Knut Ørbeck-Nilssen, CEO of DNV Maritime, argues that maritime’s drive for decarbonization shouldn’t be seen as a race, but rather a dugnad. While the word means little outside of Norway, it has implications capable of transforming progress worldwide:
I don’t like the phrase “race to zero”. I understand the urgency of the situation confronting us and the requirement for bold action. But “race” invokes a sense of competition, of winners and losers, when what we really need is a movement that enables us all to cross the line together.
Energy transition needs joint efforts
That’s why we need a dugnad. “A what?!”, you might ask.
A dugnad is a Norwegian phenomenon. They happen throughout the country and involve everyone, from all strata of society. It’s where local communities, or groups, gather together to achieve goals – whether that be maintaining communal areas, raising money, or improving facilities like children’s nurseries or sports grounds. There’s no incentive (financial or otherwise) other than completing the project. Everyone is expected to play a part: everyone works and everyone benefits from the end result.
And that’s what we need for maritime’s essential energy transition – a global dugnad.
Pragmatic decarbonization progress
So, where to start? Well, we need to be pragmatic.
Our industry has been built on a platform of hydrocarbons and we can’t change that overnight. It would be fantastic to wave a wand that enabled us to switch to alternative fuels with impeccable green credentials, e.g. hydrogen, ammonia and sustainable biofuels. But that wand would have to work its magic on issues such as supply chain availability, infrastructure, technical maturity and understanding, and price, amongst other factors. These fuels might be the future, but there is real work to be done before ambition becomes reality.
That’s why I believe we need to turn to gas.
LNG and LPG already allow for practical solutions to start with
LNG and LPG can get this dugnad up and running.
Before I continue, let me calm those proclaiming that this “isn’t good enough” or “lacks ambition”. Doing nothing isn’t good enough. Arguing over potential solutions, leading to inaction, isn’t good enough.
But gas, thanks to a combination of availability, technological maturity and price, allows us to take positive action now with a practical solution that makes a tangible impact on industry GHG emissions.
DNV has worked with a number of owners to develop and class advanced dual-fuel gas tanker vessels that, together with onboard energy-reducing systems, can bring CO2 emissions down to within a range of 15–25%.
That isn’t the end game, but it’s an excellent, attainable, realistic start.
Internal and external partnerships needed for successful transition
While some roll their sleeves up to work with gas, others can get sweating on the pilot projects necessary to develop the solutions, technology and infrastructure our carbon-neutral future demands.
Industry needs to collaborate, internally and with a broad range of external stakeholders, to initiate R&D projects, form partnerships and begin testing real-world solutions with real-world commitment. Safety issues also need to be thoroughly investigated, analysed and addressed to ensure confidence in future fuels from both industry and society, while seafarer competence must evolve in line with technological development.
In the same way Class and Flag States have come together in The Maritime Technologies Forum – which conducts shared research to deliver guidance on alternative fuels and increased automation – our industry needs to gather individual resources and competence to work towards the same, uniform objectives. Class, as always, will be on hand to help.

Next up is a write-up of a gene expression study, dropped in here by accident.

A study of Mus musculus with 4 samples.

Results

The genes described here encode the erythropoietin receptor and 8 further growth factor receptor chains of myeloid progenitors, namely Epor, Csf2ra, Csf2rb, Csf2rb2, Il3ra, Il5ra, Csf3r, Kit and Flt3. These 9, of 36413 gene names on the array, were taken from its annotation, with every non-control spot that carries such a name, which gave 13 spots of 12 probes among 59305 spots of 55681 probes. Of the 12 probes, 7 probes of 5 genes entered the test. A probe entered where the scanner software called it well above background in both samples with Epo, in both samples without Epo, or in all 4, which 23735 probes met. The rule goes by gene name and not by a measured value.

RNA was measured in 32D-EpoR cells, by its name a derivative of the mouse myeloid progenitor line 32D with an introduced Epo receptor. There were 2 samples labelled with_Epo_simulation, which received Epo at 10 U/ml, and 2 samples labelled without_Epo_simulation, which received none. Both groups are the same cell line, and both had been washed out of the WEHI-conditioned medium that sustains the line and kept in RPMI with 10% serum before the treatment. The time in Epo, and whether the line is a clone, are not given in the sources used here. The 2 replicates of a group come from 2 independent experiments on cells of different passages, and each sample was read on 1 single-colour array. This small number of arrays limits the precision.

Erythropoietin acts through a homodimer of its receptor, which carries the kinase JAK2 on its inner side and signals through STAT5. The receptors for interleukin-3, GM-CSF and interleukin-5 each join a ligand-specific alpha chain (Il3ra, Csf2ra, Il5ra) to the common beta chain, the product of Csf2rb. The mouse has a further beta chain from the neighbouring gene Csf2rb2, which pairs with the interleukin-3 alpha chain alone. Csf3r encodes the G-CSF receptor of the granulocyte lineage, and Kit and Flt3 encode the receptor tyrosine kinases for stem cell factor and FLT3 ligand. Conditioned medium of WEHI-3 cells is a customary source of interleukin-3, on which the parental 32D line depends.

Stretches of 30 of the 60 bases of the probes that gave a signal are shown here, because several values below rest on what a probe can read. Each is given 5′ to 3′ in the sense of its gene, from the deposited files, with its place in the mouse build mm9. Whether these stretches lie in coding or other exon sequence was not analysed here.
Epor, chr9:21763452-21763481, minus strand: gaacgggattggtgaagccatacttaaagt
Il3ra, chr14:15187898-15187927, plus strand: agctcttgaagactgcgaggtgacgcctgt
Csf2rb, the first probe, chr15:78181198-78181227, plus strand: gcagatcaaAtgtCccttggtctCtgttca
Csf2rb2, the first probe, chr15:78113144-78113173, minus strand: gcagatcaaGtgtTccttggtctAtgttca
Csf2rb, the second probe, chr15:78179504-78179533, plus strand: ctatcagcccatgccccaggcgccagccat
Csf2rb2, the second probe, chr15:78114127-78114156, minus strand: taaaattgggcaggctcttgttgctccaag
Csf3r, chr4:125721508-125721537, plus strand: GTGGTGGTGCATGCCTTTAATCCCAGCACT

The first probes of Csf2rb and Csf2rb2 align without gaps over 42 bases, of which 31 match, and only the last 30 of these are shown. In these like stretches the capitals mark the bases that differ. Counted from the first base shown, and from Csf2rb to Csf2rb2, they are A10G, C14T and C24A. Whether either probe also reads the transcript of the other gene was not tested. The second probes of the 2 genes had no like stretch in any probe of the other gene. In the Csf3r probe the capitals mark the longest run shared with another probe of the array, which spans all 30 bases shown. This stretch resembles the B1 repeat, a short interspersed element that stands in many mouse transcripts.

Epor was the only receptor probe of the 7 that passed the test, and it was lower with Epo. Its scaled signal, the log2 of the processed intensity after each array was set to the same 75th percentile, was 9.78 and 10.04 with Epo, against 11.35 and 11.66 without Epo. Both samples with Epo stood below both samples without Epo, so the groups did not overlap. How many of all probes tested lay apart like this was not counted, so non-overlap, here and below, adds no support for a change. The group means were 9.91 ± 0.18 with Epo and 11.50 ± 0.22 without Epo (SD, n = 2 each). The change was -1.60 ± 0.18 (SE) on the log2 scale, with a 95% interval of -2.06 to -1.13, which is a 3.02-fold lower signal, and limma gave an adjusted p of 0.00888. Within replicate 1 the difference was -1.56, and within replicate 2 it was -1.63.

Understanding each other’s strengths and needs in a decarbonized future
Dugnads are successful when everyone lends a hand and understands one another’s strengths and challenges. And this is critical now.
The gas adopters and R&D partners are just two elements in an ecosystem of change that requires cargo owners, energy companies, regulators, governments, ports and a diverse array of stakeholders, including society itself, to get the job done.
There’s a great deal of discussion about how best to do this, but we won’t do it at all if we don’t start. Gas provides the means to make real gains from the outset, while we collaborate on, and pilot, solutions that will turn grand ambition into achievable reality.
We have the most important job of our lifetimes in front of us. So, let’s get to work. Together.
‘MFMs will continue to have a place within the bunkering sector even when the shipping industry continues to adopt new types of marine fuels, such as LNG, biofuel, methanol, ammonia and hydrogen,’ states spokesman.
Current ISO 8217 bunker fuel standard not comprehensive enough for biofuels; National Mirror Committee working with local players to develop more comprehensive biofuels standard for Singapore, says Capt. Rahul.
‘There are some important differences between VLSFO and biofuels, and as a result, parties should consider whether additional changes should be made to biofuel bunker contracts,’ says Paul Collier.
Quek Rong Hong first joined Shell sometime in 2005 and had held the position of Blending Specialist from November 2017. At the time of arrest, his monthly basic salary was about SGD 4,300, showed documents.
Glencore previously commenced Singapore International Arbitration Centre Emergency Applications against Straits Pinnacle but those applications were dismissed, according to documents obtained by Manifold Times.
Captain Segar, MPA Assistant Chief Executive, Operations, to be also joining IBIA for the game where proceeds will be channelled into an IBIA Bursary Fund for supporting students to obtain a maritime studies degree.